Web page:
Carlos Slim, Bondholders Among Biggest Mexico Airport Losers
(Bloomberg) -- The list of potential losers from the cancellation of Mexico City’s $13 billion airport project starts with the nation’s richest man and goes on to embrace businesses, investors, airlines and passengers.
Incoming President Andres Manuel Lopez Obrador scrapped the partially built project Monday after an informal referendum last week implied most Mexicans opposed continued construction. The decision sent markets tumbling.
Among those set to lose are billionaire Carlos Slim, who owns most of a $1.6 billion Fibra E-- a hybrid between a master-limited partnership and a real estate investment trust -- issued by the group building the airport. The cancellation also leaves $6 billion in bonds up in the air, as well as operational difficulties for airlines and broader risk to the market and nation. Many investors are now concerned that Lopez Obrador will take similar decisions over oil contracts or mining projects.
"The initial friendly approach towards the markets and the private sector is now being questioned more squarely," Jorge Mariscal, the emerging markets chief investment officer at UBS Global Wealth Management, said in an interview from New York. "It injects a whole lot more uncertainty into the Mexican outlook."
Here are those set to lose out from Monday’s announcement:
The airport group raised $1.6 billion through the IPO of the Fibra E, most of which is owned through the pension fund of Slim’s Inbursa. While the Fibra E is a complex contract and unwinding it has no precedent, the initial prospectus says that in the event of a cancellation, holders will receive revenue from the existing airport starting as soon as January, at least two years earlier than payments would have started from the new airport.
Slim’s construction company is also heavily involved in the project. His Grupo Carso teamed up with Empresas ICA and others to build the futuristic terminal designed by renowned British architect Norman Foster, a contract worth close to $4 billion. Carso is also building one of the runways with an estimated cost of about $400 million when the contract was awarded.
While Lopez Obrador has said that he won’t ask for a haircut from bondholders, exactly what will happen isn’t clear. The incoming administration has said that funds exist to protect the investments, and that it will enter into negotiations with investors to come to a mutually satisfactory outcome, but many investors are skeptical.
"There will have to be clarifications on methods, process," said Michael Roche, a fixed income strategist at Seaport Global Holdings in New York. "Since the Mexican government is on both sides -- equity investor and governing authority withdrawing the concession -- just who will be overseeing the process?"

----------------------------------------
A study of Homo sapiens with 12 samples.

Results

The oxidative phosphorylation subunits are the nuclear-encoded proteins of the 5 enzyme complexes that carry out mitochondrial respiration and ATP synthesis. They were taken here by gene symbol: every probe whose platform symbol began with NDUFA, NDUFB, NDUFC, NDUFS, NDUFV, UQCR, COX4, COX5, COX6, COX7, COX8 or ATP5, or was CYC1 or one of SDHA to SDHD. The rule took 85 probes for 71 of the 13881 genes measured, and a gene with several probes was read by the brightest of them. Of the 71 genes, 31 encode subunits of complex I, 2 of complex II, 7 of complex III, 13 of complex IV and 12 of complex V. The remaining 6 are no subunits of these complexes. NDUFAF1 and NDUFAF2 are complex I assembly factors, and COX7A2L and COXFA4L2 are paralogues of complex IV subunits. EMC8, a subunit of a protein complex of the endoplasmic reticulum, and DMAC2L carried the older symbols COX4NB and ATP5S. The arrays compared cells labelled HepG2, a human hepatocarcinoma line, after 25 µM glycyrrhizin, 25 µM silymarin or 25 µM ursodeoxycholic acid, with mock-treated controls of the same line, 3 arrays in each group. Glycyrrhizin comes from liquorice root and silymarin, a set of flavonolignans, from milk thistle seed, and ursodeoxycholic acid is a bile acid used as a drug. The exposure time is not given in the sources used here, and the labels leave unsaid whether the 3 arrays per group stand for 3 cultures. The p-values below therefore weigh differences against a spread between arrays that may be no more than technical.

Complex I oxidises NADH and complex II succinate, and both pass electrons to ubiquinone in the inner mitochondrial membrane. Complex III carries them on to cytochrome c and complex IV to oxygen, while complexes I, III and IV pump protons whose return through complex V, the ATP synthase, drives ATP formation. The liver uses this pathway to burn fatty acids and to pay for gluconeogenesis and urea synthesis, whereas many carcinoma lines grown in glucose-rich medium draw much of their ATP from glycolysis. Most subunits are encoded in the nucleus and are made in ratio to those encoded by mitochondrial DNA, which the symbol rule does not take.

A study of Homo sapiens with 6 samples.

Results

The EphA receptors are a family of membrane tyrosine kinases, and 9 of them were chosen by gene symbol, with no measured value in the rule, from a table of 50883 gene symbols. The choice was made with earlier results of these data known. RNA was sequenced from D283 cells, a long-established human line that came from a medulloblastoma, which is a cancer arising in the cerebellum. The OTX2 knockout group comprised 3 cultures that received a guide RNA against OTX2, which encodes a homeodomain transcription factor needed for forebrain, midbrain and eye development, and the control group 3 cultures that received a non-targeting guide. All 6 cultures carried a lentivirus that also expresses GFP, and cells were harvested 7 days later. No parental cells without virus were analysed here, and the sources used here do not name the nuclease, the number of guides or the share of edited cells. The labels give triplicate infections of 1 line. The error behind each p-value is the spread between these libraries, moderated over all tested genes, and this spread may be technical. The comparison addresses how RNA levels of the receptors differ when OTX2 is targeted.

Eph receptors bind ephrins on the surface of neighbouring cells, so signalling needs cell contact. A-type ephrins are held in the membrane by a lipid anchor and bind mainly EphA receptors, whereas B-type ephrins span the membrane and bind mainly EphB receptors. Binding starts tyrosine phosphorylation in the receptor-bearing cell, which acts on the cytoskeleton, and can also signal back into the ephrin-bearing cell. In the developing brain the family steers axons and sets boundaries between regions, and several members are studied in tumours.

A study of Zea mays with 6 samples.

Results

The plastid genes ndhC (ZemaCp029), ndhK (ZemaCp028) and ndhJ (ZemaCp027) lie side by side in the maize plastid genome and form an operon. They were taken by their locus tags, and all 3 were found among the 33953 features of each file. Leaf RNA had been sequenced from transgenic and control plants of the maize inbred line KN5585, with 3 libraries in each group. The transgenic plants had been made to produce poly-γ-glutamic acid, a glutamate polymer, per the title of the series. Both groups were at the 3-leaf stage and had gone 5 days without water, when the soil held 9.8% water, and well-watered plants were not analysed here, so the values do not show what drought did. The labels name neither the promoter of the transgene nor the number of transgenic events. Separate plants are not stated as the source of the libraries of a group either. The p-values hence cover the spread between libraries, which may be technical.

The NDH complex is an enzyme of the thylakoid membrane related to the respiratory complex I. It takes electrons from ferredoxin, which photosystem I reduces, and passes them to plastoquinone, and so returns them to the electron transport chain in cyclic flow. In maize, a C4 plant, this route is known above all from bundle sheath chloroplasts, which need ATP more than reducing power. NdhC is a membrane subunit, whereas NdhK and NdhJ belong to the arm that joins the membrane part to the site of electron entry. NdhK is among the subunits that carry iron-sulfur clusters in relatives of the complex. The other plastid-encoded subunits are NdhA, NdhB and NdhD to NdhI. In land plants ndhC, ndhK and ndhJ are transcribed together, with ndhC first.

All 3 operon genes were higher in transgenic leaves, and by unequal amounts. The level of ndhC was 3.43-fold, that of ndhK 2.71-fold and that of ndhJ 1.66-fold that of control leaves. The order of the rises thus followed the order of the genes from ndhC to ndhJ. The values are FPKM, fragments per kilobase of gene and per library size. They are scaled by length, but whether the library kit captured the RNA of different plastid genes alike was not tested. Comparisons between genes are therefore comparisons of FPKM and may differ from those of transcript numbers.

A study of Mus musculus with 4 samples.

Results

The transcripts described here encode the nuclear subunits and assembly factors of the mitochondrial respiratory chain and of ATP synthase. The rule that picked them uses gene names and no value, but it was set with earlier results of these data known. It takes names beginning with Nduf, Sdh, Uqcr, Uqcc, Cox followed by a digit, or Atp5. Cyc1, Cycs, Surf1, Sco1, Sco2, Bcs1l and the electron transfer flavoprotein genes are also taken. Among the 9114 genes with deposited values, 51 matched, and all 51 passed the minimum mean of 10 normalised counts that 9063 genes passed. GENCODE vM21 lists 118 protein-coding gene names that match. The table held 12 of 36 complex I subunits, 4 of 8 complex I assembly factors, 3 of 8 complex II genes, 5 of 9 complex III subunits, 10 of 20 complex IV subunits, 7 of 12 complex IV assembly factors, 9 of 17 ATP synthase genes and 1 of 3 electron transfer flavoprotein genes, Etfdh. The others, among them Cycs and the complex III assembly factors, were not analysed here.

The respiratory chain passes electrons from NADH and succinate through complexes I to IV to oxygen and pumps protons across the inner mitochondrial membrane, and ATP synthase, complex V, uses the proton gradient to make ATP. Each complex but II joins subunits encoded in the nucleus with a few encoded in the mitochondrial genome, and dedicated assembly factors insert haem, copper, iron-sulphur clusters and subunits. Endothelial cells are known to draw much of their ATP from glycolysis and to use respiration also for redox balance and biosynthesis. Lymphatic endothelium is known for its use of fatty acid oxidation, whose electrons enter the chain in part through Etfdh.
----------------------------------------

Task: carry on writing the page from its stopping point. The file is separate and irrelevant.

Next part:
Airlines and Airport Operators
Airport operators OMA, Asur and Gap, which operate almost all the other commercial airports in the nation, were looking forward to a new hub for the industry. OMA fell as much as 6.9 percent on Monday, the most since April 2013. Asur and Gap slid to the lowest in three months and seven months respectively.
Mexico’s airlines -- Aeromexico, Volaris and Interjet -- had been very vocal in the need to continue with the construction of the new airport, complaining that the existing Benito Juarez facility is saturated. The overcrowding means it’s hard for them to add more flights and frequencies.
For many investors, the airport decision represented the first test for Lopez Obrador -- one, in their eyes, he’s just failed. Many warn that cancellation sets a dangerous precedent, and that the financial asset weakness immediately after the announcement may persist. On Tuesday, bonds resumed their selloff and the Mexbol stock index cemented a third day of losses. JPMorgan analysts cut their expectations for 2019 GDP growth to 1.9 percent from 2.4 percent.
"We expect next year’s GDP to be hit through subdued business sentiment and other knock-on effects from policy uncertainty," the analysts wrote.
Mexico’s business chamber CCE warned that economic development and infrastructure are complex issues and shouldn’t be put to a public referendum. Adhering to a consultation may hurt private sector investment projects in the future, and may even hurt funding for some of Lopez Obrador’s own infrastructure projects such as the proposed Maya Train, according to UBS’s Mariscal.
Mexico City Travelers
One of the biggest hits may be to Mexico’s viability as a regional airline hub. Last year, the Benito Juarez airport moved almost 45 million passengers, well more than its 35 million capacity. Stress on the airport has caused delays and makes it difficult for airlines to increase flights. Lopez Obrador’s plan to add runways at the existing Santa Lucia airport may hit snags.
Federico Patino, head of Grupo Aeroportuario Ciudad de Mexico, which oversees construction of the Texcoco facilities, said work will continue under the current terms at least until Nov. 30, and that there is no information yet on whether the current contractors could move to Santa Lucia.